Pierce House is one of the last surviving examples of seventeenth-century architecture in the city of Boston. Lived in by ten generations of one family, the house documents the building practices and tastes of the Pierces over three centuries. At different times, family members expanded and adapted their house to meet demands for space, function, comfort, and privacy.
The history of the Pierce family highlights important aspects of social history, community history, and New England history. It tells the compelling story of a middling New England family over the course of three hundred and fifty years as they worked hard to provide for themselves and their children. The Pierce family took part in both local and national events; during the American Revolution, Colonel Samuel Pierce participated in the fortification of Dorchester Heights.
Architectural viewports and special lighting highlight many of the rare surviving seventeenth-century features. Of particular interest are beautifully chamfered framing members and a nearly complete exterior wall of original riven clapboards that was preserved by the addition of a lean-to.
January 12, 1:00 - 4:00 p.m. (last tour at 4:00 p.m.)
June 12, 5:00 – 8:00 p.m. (last tour at 8:00 p.m.)
October 26, 1:00 – 4:00 p.m. (last tour at 4:00 p.m.)
January 11, 2014, 1:00 - 4:00 p.m. (last tour at 4:00 p.m.)
The Pierce House is a Historic New England property.
Top photo: Pierce House - The Pierce House, constructed in 1683, was occupied by ten generations of the Pierce family before it was acquired by Historic New England in 1968. Over that nearly 300-year period the appearance of the house changed dramatically as generations of Pierces left their mark — expanding and adapting the building to accommodate changing ideas about space, function, comfort, privacy, cleanliness, and fashion. This virtual tour invites you to visualize the house as the Pierces first built it and then to observe its later configurations. The tour also highlights features that reveal the various stages of the house over time. These features, commonly found in New England houses built between the seventeenth and the nineteenth centuries, tell the story of three centuries of New England architecture.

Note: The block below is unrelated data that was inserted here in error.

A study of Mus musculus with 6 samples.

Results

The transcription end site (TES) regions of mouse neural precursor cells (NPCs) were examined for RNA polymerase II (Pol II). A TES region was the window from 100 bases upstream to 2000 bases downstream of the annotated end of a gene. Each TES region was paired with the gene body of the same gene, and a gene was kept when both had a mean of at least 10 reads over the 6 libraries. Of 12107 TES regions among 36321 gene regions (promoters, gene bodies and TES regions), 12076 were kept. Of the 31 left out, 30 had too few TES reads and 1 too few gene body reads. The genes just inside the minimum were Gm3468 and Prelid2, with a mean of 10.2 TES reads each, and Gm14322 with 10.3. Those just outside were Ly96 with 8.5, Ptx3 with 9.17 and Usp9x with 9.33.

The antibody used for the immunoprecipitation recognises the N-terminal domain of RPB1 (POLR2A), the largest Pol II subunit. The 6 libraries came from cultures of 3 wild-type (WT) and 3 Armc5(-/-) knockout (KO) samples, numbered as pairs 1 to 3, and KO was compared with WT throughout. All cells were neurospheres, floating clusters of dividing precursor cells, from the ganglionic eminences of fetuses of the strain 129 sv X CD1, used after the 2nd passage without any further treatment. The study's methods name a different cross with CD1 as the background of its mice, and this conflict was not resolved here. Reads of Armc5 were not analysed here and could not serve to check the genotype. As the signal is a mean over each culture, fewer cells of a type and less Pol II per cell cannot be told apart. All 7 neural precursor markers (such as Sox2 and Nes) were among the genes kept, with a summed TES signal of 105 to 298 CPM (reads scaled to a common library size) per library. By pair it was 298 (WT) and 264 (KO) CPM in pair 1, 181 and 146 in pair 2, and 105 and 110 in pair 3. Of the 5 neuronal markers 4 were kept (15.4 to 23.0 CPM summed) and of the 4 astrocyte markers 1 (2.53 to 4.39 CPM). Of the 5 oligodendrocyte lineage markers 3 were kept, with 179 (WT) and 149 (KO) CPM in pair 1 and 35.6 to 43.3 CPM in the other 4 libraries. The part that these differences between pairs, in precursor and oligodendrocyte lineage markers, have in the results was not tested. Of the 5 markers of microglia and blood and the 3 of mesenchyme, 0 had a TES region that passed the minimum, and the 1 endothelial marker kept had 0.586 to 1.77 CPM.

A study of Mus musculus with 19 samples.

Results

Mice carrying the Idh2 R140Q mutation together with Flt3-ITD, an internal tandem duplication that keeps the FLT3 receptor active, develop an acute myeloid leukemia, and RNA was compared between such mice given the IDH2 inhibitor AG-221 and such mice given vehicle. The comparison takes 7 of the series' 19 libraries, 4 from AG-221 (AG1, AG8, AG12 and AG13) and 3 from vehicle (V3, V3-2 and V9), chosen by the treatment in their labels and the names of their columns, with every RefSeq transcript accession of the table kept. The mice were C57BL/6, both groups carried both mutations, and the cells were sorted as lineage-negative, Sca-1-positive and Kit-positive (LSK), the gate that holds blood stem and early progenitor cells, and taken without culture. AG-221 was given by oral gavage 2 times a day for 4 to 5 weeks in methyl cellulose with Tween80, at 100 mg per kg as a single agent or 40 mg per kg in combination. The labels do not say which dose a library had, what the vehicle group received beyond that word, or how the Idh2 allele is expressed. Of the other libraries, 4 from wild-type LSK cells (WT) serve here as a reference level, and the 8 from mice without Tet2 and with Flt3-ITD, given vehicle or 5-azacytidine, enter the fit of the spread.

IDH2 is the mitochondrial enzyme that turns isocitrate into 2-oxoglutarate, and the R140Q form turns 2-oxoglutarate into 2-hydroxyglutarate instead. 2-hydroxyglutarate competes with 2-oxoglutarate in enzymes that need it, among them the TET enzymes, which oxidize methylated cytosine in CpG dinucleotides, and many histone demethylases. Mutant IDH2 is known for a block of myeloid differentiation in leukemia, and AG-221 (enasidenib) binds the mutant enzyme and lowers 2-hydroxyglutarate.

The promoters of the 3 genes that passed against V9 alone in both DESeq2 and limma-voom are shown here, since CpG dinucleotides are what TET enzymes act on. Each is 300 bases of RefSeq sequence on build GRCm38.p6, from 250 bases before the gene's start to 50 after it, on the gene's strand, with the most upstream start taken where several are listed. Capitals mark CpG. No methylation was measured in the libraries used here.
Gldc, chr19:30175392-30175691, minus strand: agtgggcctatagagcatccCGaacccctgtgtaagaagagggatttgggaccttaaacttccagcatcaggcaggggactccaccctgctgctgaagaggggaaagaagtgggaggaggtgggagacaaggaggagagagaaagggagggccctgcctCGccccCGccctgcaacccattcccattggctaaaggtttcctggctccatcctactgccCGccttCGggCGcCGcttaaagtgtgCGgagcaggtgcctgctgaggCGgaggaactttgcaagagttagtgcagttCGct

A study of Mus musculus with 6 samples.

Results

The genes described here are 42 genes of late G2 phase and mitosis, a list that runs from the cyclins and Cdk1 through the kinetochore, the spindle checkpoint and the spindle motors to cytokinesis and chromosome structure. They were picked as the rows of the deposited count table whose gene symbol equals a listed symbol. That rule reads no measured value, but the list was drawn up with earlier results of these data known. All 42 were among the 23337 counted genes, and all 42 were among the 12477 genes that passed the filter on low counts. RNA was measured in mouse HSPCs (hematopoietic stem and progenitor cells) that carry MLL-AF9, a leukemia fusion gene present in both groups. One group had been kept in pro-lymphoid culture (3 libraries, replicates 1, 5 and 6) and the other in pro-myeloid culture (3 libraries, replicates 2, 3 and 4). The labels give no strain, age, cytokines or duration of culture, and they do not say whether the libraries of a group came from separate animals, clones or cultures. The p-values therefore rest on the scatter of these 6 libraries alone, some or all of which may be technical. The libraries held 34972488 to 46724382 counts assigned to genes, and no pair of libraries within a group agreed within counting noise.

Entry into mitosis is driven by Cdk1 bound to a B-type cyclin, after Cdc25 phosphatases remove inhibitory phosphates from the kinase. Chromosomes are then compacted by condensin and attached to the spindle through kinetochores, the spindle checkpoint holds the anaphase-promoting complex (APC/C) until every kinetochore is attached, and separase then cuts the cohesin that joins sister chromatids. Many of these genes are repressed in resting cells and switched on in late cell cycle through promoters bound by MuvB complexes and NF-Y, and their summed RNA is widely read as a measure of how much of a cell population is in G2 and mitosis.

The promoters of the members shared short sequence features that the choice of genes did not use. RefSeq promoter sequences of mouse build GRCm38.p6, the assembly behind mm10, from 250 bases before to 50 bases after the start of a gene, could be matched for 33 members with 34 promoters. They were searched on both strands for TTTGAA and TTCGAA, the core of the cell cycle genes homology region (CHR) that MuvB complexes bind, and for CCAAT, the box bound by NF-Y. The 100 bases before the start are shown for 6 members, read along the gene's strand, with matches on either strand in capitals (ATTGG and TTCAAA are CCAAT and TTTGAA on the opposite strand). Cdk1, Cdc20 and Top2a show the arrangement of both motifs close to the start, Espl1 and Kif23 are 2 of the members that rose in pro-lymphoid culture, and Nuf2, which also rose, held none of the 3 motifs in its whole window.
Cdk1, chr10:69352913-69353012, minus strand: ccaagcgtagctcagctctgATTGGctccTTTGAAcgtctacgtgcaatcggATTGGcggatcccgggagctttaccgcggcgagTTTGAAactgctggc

Bottom photo: Parlor woodwork - By 1778 Col. Pierce’s mother had died and his sisters had all left the house. In the following years he began to make further changes to the house. First, he remodeled the middle room, turning it into a formal parlor, with the most elaborate decorative trim in the house. He built a new fireplace wall that had two eight-paneled doors and a decorative china closet, or beaufat, and paneled the chimney breast, the area around the fireplace, with a raised molding that bespoke the latest Georgian design. He reduced the size of the fireplace to improve heating efficiency in response to new discoveries about fireplace technology.